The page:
LiveMint logoLiveMint 05-07-2017 Nikita Doval

New Delhi: In diplomacy everything is of import, the words spoken or the ones left unsaid; the deals signed, or the ones that fell through. Then of course there are gestures that can range from naming of roads to the naming of a flower after the visiting leader as Israel did with Prime Minister Narendra Modi.

The first stop on the Prime Minister’s itinerary after landing in Tel Aviv was the Danziger flower farm, one of Israel’s leading floriculture companies. The visit, which saw a new strain of white chrysanthemum being named after Modi, according to a news report in The Jerusalem Post, was also meant to highlight “one of India’s key interests in closer co-operation with Israel in its expertise in agricultural technology.”

What Israel did this week with Modi has actually been a very important part of Singapore’s international outreach. Known in some circles as “Orchid diplomacy” it refers to the country’s practice of naming specially cultivated orchid varieties after visiting dignitaries, both political leaders and celebrities. There was an orchid named after Modi when he visited the country in 2015, but Amitabh Bachchan actually beat him to it by 11 years.

Gestures in diplomacy may not count for much but they do convey intent apart from being a reflection of how the host country views its visitors and wants to be viewed in return. During Bangladesh’s Prime Minister Sheikh Hasina’s visit to India in April this year, Delhi’s Park Street was re-named Sheikh Mujibur Rahman road to celebrate India’s friendship with Bangladesh.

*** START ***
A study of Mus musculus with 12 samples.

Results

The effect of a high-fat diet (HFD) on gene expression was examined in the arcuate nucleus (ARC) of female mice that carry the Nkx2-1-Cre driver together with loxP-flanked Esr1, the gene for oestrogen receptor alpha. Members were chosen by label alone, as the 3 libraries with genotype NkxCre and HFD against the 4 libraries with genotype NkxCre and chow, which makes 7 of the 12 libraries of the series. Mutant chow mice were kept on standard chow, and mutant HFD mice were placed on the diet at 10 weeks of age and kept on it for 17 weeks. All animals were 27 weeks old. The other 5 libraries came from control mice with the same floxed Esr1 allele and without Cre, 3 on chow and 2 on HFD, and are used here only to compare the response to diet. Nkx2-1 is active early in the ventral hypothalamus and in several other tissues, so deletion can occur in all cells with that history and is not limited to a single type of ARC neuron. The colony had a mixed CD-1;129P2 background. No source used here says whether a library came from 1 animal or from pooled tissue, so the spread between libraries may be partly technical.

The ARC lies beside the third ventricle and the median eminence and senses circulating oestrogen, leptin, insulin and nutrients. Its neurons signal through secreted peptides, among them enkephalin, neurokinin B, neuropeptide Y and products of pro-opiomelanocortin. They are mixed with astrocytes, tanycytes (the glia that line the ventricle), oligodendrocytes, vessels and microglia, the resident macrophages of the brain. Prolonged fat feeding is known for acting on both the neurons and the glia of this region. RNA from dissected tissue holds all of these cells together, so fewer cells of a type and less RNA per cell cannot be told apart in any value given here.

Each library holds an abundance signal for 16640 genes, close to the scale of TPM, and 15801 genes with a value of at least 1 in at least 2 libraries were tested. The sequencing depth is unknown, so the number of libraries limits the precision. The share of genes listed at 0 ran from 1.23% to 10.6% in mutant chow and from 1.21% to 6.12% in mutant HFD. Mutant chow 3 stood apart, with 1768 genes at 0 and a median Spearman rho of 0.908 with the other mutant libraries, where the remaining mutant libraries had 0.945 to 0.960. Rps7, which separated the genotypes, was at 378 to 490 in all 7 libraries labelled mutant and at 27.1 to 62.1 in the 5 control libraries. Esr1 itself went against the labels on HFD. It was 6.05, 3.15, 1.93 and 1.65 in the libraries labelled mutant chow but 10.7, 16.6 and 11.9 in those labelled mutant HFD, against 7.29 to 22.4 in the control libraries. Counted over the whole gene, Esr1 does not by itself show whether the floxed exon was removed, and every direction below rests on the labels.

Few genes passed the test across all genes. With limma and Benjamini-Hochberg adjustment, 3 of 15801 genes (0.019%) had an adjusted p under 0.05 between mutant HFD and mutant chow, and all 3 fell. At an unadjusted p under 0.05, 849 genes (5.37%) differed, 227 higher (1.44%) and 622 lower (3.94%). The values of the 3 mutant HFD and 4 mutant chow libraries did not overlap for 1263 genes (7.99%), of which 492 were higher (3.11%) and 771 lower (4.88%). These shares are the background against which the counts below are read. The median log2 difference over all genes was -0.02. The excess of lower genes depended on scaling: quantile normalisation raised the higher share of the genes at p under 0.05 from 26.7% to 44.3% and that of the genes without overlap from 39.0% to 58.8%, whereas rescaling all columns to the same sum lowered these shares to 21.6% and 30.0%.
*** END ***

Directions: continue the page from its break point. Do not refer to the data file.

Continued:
Delhi has quite a proud tradition of roads named after different international leaders from Mustafa Kemal Ataturk to Nelson Mandela. It even has one named after Josep Broz Tito, the former Yugoslavian leader who is now widely dis-credited in his own native states.

“Gestures, gifts, these are all part of relationship building. Animal diplomacy was and continues to be an accepted practice. Rajiv Gandhi gifted Sri Lanka an elephant, Indira Gandhi, a white tiger to the then USSR. As foreign minister, Bharatiya Janata Party leaders Jaswant Singh received a gift of two horses from Saudi Arabia in 2001,” says a retired diplomat who did not wish to be identified.

International diplomacy is also defined to a great extent by the leader of each country and Prime Minister Narendra Modi has introduced a very personal style in his, according to former foreign secretary Lalit Mansingh. From the bear hugs to the hand-holding, Modi has made these his signature.

Sometimes however nomenclature diplomacy, especially when practised by non-state actors can lead to some embarrassment. A few weeks ago Bindeshwar Pathak, the founder of Sulabh International, a social service organization that works in the field of sanitation, decided to “symbolically” re-name Marora village in Mewat, Haryana to Trump Sulabh village in order to celebrate its defecation free status. The decision was taken to coincide with Modi’s meeting with US President Donald Trump. The renaming has since then been declared as “illegal” and fictitious.

Clearly diplomacy should be left to the diplomats.